A Study on the Will of God Part 3: God’s Personal Individual Will
God’s Personal Individual Will
We now come to the third aspect of God’s will, His personal individual will. As I continue to study this aspect of God’s will, my understanding of it grows, but I also see more deeply the complexity of its interaction with the moral and sovereign aspects of God’s will. There is alot I do not understand, and perhaps never will concerning this aspect of God’s will. This section most certainly will not be the “final word” in any study of the will of God, but I believe that these thoughts will help motivate many to think more deeply and Biblically about God’s personal individual will and understand it better.
There are four questions I plan to answer in this section. Does God Have a personal individual will for each person? What is the nature of His personal individual will? Is His personal individual will dependent upon God, man, or both? How does He accomplish His personal individual will in believer’s lives?
Does God have a personal individual will for each person?
I want to answer this question by observing several passages of scripture. Acts 13:36 says that “David…served his own generation by the will of God,” meaning that God had a unique personal desire for David as king of Israel. Romans 1:10 says that Paul was, “Making request, if by any means now at length I might have a prosperous journey by the will of God to come unto you.” Paul desired to go to Rome, however he realized that his safety and success was fully dependent upon the will of God in that unique situation to make his travel successful. Romans 8:27 says that “he that searcheth the hearts knoweth what is the mind of the Spirit, because he maketh intercession for the saints according to the will of God.” Paul is saying that there are times that a believer does not know the will of God and he cannot, because God has not revealed it. In these times, the Holy Spirit intercedes on our behalf according to God’s will in that situation. Romans 15:32 says that Paul desired “That I may come unto you with joy by the will of God…” Again, Paul desired to go to Rome to encourage and be encouraged, yet he recognized that this was dependent upon the will of God in this unique situation. II Corinthians 8:5 says that the churches in Macedonia “did, not as we hoped, but first gave their own selves to the Lord, and unto us by the will of God.” These churches sacrificed greatly by the will of God to give of themselves and their money to churches in great need. Lastly, I Peter 3:17 says that “it is better, if the will of God be so, that ye suffer for well doing, than for evil doing.” In this passage Peter calls their suffering for the cause of Christ the will of God. I have to conclude from looking at these passages and many others, that there were specific things that God desired to accomplish in the lives of each of these people. You can see that there is an aspect to God’s will that is unique, personal, and not revealed specifically in Scripture. God actively and uniquely involved Himself in the lives of these saints in both the Old and New Testament to accomplish His unique desires for their lives. From man’s perspective, God’s personal, individual will is His unique and personal desires that He accomplishes throughout each season of that person’s life. In other words, there are specific things that God desires to accomplish through specific individuals that are not explicitly stated in His Word.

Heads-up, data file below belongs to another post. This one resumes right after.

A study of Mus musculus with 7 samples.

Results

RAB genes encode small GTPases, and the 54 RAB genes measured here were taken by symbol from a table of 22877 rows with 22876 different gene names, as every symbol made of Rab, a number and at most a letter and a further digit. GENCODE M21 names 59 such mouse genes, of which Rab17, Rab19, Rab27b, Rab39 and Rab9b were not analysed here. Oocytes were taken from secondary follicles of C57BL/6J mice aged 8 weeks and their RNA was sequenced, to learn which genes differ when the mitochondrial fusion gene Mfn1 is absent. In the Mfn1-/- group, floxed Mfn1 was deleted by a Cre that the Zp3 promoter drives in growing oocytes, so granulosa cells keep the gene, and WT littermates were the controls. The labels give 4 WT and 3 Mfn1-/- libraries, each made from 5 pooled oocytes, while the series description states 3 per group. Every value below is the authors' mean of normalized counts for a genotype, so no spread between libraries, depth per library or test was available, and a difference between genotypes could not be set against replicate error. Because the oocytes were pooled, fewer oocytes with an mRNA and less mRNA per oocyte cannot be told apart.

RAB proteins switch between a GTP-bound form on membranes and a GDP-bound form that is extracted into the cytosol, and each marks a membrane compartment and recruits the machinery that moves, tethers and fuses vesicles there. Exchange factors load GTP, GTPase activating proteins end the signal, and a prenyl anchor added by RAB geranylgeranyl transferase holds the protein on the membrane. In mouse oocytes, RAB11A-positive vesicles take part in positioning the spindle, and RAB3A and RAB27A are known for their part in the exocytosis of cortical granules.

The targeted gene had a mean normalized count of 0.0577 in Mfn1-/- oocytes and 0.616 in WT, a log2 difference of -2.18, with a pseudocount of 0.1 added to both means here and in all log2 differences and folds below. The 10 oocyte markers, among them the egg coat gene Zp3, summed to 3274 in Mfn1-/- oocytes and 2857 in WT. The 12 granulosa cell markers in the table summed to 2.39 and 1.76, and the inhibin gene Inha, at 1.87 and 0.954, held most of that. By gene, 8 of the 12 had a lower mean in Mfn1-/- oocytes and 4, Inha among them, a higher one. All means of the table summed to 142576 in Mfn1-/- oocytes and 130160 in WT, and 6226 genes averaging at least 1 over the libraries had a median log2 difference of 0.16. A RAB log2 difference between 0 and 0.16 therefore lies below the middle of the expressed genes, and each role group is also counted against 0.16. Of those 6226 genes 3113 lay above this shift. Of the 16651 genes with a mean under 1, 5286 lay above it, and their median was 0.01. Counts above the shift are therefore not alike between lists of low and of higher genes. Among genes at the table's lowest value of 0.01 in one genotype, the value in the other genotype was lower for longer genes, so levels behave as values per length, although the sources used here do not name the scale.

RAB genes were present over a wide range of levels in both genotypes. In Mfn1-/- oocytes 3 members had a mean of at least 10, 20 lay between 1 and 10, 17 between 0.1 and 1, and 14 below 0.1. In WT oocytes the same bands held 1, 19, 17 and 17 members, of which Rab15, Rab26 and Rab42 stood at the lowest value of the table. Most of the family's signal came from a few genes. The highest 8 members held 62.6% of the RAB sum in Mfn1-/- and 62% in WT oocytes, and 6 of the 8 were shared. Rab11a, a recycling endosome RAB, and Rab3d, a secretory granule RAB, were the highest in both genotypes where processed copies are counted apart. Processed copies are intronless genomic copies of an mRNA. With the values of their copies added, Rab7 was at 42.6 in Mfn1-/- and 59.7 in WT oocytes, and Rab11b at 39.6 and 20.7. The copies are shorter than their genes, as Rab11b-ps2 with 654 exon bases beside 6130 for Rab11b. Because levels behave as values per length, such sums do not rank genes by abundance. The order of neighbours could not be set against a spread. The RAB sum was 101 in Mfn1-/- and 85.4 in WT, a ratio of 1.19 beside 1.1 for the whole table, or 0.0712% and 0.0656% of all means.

What is the nature of God’s personal, individual will?
Since we can see that there are clear examples of God’s unique personal will in the lives of believers, what is the nature of this unique personal will? Can it be resisted or missed? Is it exhaustive and meticulous involving every decision both great and small? Is it totally dependent upon God, or is it totally dependent upon men? What is its nature? I want to try to answer a few of these questions through comments on the following Biblical examples.